Organic practices enhance climate mitigation | Dairy

LA FARGE, Wis. – How dairy farmers farm and manage their herds has profound effects on climate-change mitigation. Erin Silva said that’s one of the main takeaways from a new study she co-authored with researchers from the University of Wisconsin-Madison and Organic Valley.

Silva is an endowed chair in organic agriculture and outreach at UW. In the study led by Horacio Aguirre-Villegas, scientist III at UW, Silva and the research team conducted a farm-scale life-cycle assessment to estimate environmental indicators of organic-dairy systems. They evaluated alternative-management practices. Their assessment also took into account the carbon sequestration results of grazing cattle.

Nicole Rakobitsch, director of sustainability for Organic Valley, said, “We wanted a baseline carbon footprint of our milk supply – all of the greenhouse-gas emissions minus carbon sequestration on our member-farms. We’ll use that information to help reach our goal of becoming carbon neutral by 2050.”

Aguirre-Villegas said, “The study proposes a method to include carbon sequestration in all dairy-farm-related life-cycle assessment studies. The method is based on the amount of carbon staying in the soil from above-ground residue, below-ground residue and manure.”

The researchers considered the effects of management practices affecting carbon storage. They took into account tillage, land-use regime, management and input of organic matter into the soil based on farm and region-specific variables such as level of activity and temperature, Aguirre-Villegas said.

Farming practices were evaluated on 60 percent of Organic Valley’s 1,500 member dairy farms in the United States. One of the farmers participating in the project is Jon Bansen, an organic-dairy farmer from Monmouth, Oregon. Organic Valley informs its farmer-members about research and research results, he said.


Grazing dairy cattle has helped improve cow health as well as soil health and resiliency. And grazing helps soil better tolerate drought conditions, he said.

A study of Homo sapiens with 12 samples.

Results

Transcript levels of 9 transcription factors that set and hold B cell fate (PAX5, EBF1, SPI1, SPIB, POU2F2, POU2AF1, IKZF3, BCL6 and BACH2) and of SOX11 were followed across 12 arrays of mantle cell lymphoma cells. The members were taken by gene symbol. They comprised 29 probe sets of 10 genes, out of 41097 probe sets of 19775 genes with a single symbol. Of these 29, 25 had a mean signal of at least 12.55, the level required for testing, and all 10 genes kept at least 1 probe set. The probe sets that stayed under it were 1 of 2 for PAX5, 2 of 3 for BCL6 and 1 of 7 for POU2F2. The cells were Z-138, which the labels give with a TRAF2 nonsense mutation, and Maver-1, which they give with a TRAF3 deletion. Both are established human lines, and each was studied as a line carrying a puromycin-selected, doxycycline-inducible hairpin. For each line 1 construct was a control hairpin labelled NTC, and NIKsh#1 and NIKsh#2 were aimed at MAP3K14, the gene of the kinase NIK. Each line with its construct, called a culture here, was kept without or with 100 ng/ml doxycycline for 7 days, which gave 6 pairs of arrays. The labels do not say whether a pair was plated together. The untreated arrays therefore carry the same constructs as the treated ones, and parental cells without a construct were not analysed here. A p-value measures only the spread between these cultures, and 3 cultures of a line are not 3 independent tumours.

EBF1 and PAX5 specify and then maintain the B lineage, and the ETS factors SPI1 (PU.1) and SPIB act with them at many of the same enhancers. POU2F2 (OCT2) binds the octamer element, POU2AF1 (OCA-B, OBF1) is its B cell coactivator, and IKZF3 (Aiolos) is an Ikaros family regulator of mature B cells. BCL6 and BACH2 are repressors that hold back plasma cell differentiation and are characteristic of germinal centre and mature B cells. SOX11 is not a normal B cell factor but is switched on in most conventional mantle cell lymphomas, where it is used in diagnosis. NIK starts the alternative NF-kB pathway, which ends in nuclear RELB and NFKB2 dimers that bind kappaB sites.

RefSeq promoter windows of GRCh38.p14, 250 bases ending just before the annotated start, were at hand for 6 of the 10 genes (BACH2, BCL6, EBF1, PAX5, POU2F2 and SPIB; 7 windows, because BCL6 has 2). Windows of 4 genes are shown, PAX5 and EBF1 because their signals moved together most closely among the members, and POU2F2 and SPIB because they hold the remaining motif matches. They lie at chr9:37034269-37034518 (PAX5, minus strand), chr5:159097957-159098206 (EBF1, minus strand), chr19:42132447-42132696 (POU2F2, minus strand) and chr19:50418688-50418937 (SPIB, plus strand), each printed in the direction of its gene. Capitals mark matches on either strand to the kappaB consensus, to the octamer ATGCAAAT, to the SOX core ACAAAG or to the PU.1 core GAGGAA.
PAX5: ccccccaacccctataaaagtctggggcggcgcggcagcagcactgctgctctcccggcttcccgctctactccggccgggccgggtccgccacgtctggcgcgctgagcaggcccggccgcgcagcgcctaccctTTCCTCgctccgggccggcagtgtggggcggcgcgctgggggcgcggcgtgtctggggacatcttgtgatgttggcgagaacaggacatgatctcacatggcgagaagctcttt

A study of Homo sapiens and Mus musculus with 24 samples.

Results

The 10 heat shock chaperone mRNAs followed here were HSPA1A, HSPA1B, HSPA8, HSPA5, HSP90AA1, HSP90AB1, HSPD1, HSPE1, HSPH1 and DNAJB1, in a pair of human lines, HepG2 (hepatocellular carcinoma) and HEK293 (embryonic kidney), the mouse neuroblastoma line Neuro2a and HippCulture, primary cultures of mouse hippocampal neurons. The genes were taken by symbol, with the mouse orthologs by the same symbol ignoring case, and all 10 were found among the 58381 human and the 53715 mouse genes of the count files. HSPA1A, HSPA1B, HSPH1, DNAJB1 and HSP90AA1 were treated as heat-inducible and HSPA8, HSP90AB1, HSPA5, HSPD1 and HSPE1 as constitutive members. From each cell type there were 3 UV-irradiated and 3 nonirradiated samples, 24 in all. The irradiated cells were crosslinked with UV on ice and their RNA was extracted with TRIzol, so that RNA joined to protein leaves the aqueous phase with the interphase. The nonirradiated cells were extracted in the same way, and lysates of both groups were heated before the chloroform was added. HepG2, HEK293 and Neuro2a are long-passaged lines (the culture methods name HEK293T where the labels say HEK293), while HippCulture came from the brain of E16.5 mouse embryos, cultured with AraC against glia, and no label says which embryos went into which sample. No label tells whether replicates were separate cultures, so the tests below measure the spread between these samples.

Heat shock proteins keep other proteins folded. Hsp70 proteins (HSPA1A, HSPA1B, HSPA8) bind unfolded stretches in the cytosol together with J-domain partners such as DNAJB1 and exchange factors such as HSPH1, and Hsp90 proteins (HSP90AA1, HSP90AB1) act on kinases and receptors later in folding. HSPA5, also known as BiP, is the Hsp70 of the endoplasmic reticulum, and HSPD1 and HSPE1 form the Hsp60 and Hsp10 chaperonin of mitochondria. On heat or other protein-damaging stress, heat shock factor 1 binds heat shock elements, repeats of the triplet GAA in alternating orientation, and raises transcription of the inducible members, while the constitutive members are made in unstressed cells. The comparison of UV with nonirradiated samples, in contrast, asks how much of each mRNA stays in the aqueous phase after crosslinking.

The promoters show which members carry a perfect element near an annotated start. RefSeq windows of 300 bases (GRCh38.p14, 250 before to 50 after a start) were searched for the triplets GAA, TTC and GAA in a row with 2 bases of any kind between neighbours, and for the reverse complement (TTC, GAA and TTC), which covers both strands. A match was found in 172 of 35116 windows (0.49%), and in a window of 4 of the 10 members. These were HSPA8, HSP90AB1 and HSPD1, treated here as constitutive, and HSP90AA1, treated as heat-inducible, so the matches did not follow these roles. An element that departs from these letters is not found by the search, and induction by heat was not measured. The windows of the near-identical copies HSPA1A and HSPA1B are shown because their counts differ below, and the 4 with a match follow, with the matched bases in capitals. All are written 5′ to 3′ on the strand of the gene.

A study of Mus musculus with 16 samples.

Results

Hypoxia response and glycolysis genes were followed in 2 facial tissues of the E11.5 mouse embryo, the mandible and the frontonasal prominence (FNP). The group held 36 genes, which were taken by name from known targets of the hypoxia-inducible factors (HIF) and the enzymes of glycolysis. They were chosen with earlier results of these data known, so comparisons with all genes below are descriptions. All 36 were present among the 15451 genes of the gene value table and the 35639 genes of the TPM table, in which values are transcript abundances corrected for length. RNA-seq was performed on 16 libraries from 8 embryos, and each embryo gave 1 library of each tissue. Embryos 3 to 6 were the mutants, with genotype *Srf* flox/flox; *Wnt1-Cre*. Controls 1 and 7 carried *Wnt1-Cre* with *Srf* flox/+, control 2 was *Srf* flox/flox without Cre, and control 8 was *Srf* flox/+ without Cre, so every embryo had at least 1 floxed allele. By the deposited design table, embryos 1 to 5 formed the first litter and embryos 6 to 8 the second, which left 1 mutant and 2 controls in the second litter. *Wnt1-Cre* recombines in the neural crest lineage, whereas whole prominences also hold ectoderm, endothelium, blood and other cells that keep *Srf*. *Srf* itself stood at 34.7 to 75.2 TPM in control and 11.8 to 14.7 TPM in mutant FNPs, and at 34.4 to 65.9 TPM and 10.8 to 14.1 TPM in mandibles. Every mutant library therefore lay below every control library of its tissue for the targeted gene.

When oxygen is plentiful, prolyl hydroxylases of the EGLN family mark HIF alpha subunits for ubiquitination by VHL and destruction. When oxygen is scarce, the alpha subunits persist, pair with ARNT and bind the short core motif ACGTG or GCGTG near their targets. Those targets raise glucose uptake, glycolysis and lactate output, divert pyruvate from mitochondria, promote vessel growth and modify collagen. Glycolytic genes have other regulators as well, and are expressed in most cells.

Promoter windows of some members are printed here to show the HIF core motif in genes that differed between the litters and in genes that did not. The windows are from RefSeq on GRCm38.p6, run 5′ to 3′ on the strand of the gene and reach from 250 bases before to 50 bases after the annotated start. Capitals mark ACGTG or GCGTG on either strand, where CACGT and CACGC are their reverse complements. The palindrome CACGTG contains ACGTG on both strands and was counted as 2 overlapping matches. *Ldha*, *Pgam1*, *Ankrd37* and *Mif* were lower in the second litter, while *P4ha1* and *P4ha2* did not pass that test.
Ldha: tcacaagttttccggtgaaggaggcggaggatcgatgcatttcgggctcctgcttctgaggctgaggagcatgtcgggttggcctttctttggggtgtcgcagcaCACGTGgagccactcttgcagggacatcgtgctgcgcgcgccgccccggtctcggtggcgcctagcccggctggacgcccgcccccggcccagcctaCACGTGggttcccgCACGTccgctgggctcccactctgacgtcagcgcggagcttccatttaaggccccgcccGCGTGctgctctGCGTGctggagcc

“The keys to our (organic) system are sun, soil and water,” he said. “Dairy is a biological activity. We have fewer inputs because we almost have a closed-loop system. We’re covering bases environmentally and biologically.”

The UW study recently was published in the Journal of Cleaner Production. The researchers found that carbon sequestration can mitigate as much as 20 percent of greenhouse-gas emissions on organic-dairy farms. They also found that enteric methane can be reduced by improving feeding efficiency.

The study is ongoing; the remaining 40 percent of Organic Valley’s member dairy farms are expected to be assessed by the end of 2023. The cooperative is launching a carbon-insetting program that will purchase carbon credits from its farmers. It will help producers implement projects such as agroforestry, enhanced manure management and on-farm renewable energy.

This is an original article written for Agri-View, a Lee Enterprises agricultural publication based in Madison, Wisconsin. Visit for more information.

Lynn Grooms writes about the diversity of agriculture, including the industry’s newest ideas, research and technologies as a staff reporter for Agri-View based in Wisconsin.